Helping keep the Mi’kmaq culture alive
John Nick Jeddore (2nd from l) was recognized by the Provincial Historic Commemorations Program as a Tradition Bearer on October 27 at a ceremony held in Grand Falls-Windsor. Mr. Jeddore had worked tirelessly to teach and keep alive the traditional skills and knowledge of the Mi’kmaq culture in Newfoundland. He is recognized by many throughout the province and country to be an expert on Mi’kamq culture. Mr. Jeddore is seen here with MHA Tracey Perry, his daughter Geraldine Jeddore-Caul, Chief Misel Joe and Francoise Enguehard, the Chair of the Provincial Historic Commemorations Program.
On Saturday, October 27th, the Newfoundland and Labrador Provincial Historical Commemorations Program held a ceremony at the Mount Peyton Hotel in Grand Falls-Windsor to celebrate six new designations throughout the province.
One of the catergories was a Tradition Bearer and Mr. John Nick Jeddore of Conne River was honoured in this category at the event.
A Tradition Bearer is a person with a high degree of knowledge of the skills required to perform, or recreate specific elements of Newfoundland and Labrador’s Intangible Cultural Heritage; especially aspects that may be rare or in danger of being lost.
John Nick Jeddore
John Nick Jeddore was born at Conne River on October 1st, 1922, and has always dedicated his time and knowledge to the people of his community. He remains an active businessman, hunter, fisher, a pillar of the church and community and a model of an elder.
He was a member of the Maiwpukek Band at Conne River and has worked tirelessly to teach and keep the traditional skills and knowledge of the Mi’kmaw culture alive in Newfoundland and Labrador.
Mr. Jeddore spent much of his early life in the interior of Newfoundland learning the ways of his ancestors, living off and taking care of the land.
In 1941, while buying ammunition in St. Alban’s, he decided to enlist in the Newfoundland Overseas Forestry Unit. He was sent to Scotland where he helped cut wood for the British coal industry. Promoted to assistant scaler, he was eventually given the responsibility of training members of the 3rd Inverness Battalion Home Guard.
He returned home in 1945 when the war ended and went to work cutting pulp wood for Bowaters until 1954.
In 1965 he opened a general store, which he operated until 2007.
He was the first president of the Conne River Native Council and he also served as a councillor with the Miawpukek Band Council.
John Nick has always showed a deep dedicated commitment to understanding and keeping the cultural of his community and traditional activities of the Mi’kmaw vibrant and relevant to generations of Newfoundlanders and Labradoreans. His expertise has been noted, not just in Newfoundland and Labrador, but also across Canada.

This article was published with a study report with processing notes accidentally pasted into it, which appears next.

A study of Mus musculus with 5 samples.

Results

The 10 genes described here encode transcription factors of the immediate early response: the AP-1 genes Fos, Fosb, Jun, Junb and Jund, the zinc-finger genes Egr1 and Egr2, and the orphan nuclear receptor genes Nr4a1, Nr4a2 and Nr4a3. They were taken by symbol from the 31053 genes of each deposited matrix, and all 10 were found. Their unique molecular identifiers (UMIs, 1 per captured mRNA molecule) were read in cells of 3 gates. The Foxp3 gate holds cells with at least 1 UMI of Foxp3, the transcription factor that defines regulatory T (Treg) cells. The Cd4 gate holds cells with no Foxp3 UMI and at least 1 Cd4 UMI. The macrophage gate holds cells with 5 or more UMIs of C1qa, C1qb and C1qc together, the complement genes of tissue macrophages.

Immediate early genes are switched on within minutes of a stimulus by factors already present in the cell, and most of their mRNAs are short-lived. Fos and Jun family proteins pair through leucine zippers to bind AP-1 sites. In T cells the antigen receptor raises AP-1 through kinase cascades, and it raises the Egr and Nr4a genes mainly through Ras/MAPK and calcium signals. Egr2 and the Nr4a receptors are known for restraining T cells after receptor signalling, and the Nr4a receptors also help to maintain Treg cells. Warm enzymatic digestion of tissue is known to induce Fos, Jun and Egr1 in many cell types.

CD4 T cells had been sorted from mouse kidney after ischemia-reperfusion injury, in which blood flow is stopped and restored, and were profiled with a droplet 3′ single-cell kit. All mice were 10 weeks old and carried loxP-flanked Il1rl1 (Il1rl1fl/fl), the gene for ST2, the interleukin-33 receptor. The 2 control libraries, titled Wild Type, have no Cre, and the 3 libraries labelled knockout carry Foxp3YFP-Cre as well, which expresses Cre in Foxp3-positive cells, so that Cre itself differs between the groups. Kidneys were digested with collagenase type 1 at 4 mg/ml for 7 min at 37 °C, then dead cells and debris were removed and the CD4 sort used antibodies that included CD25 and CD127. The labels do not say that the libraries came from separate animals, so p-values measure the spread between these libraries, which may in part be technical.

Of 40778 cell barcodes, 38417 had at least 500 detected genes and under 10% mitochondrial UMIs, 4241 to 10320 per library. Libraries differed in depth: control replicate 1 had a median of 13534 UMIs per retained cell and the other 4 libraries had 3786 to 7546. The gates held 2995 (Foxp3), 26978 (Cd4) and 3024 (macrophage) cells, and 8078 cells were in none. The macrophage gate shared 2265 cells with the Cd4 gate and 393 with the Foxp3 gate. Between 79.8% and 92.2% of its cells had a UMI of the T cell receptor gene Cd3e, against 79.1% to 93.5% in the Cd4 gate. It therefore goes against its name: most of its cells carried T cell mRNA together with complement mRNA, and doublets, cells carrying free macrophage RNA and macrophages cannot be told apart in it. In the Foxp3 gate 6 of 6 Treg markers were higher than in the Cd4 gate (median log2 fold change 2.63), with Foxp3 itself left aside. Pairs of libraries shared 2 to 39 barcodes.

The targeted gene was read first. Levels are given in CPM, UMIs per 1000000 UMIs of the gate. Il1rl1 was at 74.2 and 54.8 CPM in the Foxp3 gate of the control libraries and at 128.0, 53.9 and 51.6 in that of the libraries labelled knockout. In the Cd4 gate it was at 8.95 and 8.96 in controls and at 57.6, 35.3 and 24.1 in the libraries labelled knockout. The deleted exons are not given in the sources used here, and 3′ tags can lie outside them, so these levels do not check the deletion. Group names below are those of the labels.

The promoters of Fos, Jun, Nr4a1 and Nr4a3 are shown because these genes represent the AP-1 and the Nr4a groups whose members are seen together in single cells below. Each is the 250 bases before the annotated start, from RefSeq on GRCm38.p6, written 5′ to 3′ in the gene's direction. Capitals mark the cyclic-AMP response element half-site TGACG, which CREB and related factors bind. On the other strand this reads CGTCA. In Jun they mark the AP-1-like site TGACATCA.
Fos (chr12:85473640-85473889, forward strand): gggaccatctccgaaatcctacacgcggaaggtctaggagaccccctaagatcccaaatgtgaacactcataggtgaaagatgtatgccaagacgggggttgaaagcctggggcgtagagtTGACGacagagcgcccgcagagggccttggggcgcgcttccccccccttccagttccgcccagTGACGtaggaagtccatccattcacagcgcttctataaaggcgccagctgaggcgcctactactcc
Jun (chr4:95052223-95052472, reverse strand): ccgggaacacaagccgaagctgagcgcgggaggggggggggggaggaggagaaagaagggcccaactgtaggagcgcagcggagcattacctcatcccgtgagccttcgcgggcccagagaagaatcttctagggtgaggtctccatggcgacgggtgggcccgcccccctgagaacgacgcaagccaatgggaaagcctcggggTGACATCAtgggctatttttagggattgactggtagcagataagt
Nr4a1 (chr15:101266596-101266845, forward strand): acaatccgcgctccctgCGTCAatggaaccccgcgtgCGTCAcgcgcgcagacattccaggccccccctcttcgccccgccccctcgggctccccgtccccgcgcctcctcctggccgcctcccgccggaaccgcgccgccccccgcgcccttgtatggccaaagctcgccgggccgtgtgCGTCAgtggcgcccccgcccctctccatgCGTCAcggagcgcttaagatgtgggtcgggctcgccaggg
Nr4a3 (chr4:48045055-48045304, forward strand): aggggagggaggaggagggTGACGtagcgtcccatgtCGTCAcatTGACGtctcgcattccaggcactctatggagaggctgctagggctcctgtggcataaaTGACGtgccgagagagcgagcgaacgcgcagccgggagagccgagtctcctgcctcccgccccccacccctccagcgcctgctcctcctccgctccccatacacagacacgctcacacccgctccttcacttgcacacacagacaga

In 2005 Mr. Jeddore became the first Newfoundlander to receive the Elder Achievement Award from the Mi’kmaw of Nova Scotia. The Executive Director of the Mi’kmaw Association of Cultural Studies has identified Mr. Jeddore as an “elder of historical significance that is considered by many to be an open book on the Mi’kmaw culture of his province.
He has engaged in a number of face-to-face educational programs throughout Atlantic Canada and he is a regular participant in the Cultural Days at St. Anne’s School in Conne River.
He regularly speaks to young men and women’s cultural groups teaching them about past ways while encouraging them to invest in their education. Through keeping traditional culture and practices relevant, John Nicholas has sought to master new technologies. He has appeared in a CBC documentary, started a blog, and employed Social Media such as Facebook and YouTube to help reveal cultural traditions and practices of the Mi’kmaw.
Through his online efforts he has reached audiences as far away as Alberta and Vermont. John Nicholas Jeddore is an expert on the intangible cultural heritage of the Mi’kmaw and his efforts have helped to bring about a major change in how his culture is viewed in Newfoundland and Labrador. His tireless efforts have helped to ensure that his fellow Newfoundlanders and Labradoreans understand how the Mi’kmaw has enriched our diverse culture.
Provincial Historical Commemorations Program
The Provincial Historical Commemorations Program was recently established by the Government of Newfoundland to allow for better recognition and honouring of our cultural and historic treasures.
This new program is distinct in that it recognizes intangible aspects of Newfoundland history and heritage such as customs, cultural practices, traditional skills and knowledge that define the province and its people.
“The commemorations program honours aspects of our history and culture that are of provincial significance,” said the Honourable Terry French, Minister of Tourism, Culture and Recreation.
“Citizens of our province are given the opportunity to nominate not only persons, places, and events of historical importance, but also those individuals who help preserve and cultivate our cultural practices, traditional skills, and knowledge. Such practices help to define us as Newfoundlanders and Labradoreans.”
“This program gives the people of our province an opportunity to nominate aspects of Newfoundland and Labrador’s culture and heritage that they feel are provincially significant and worthy of recognition,” stated Geraldine Jeddore-Caul, daughter of Mr. Jeddore.
MHA Tracey Perry stated that she was extremely pleased with all the recipients of the Commemoration Ceremony.
“It’s a wonderful thing to have the Provincial Historical Commemorations Program in place and I would certainly like to thank all the nominees and the successful recipients for the special work that they do to insure that our future generations retain our culture and heritage,” stated Ms. Perry.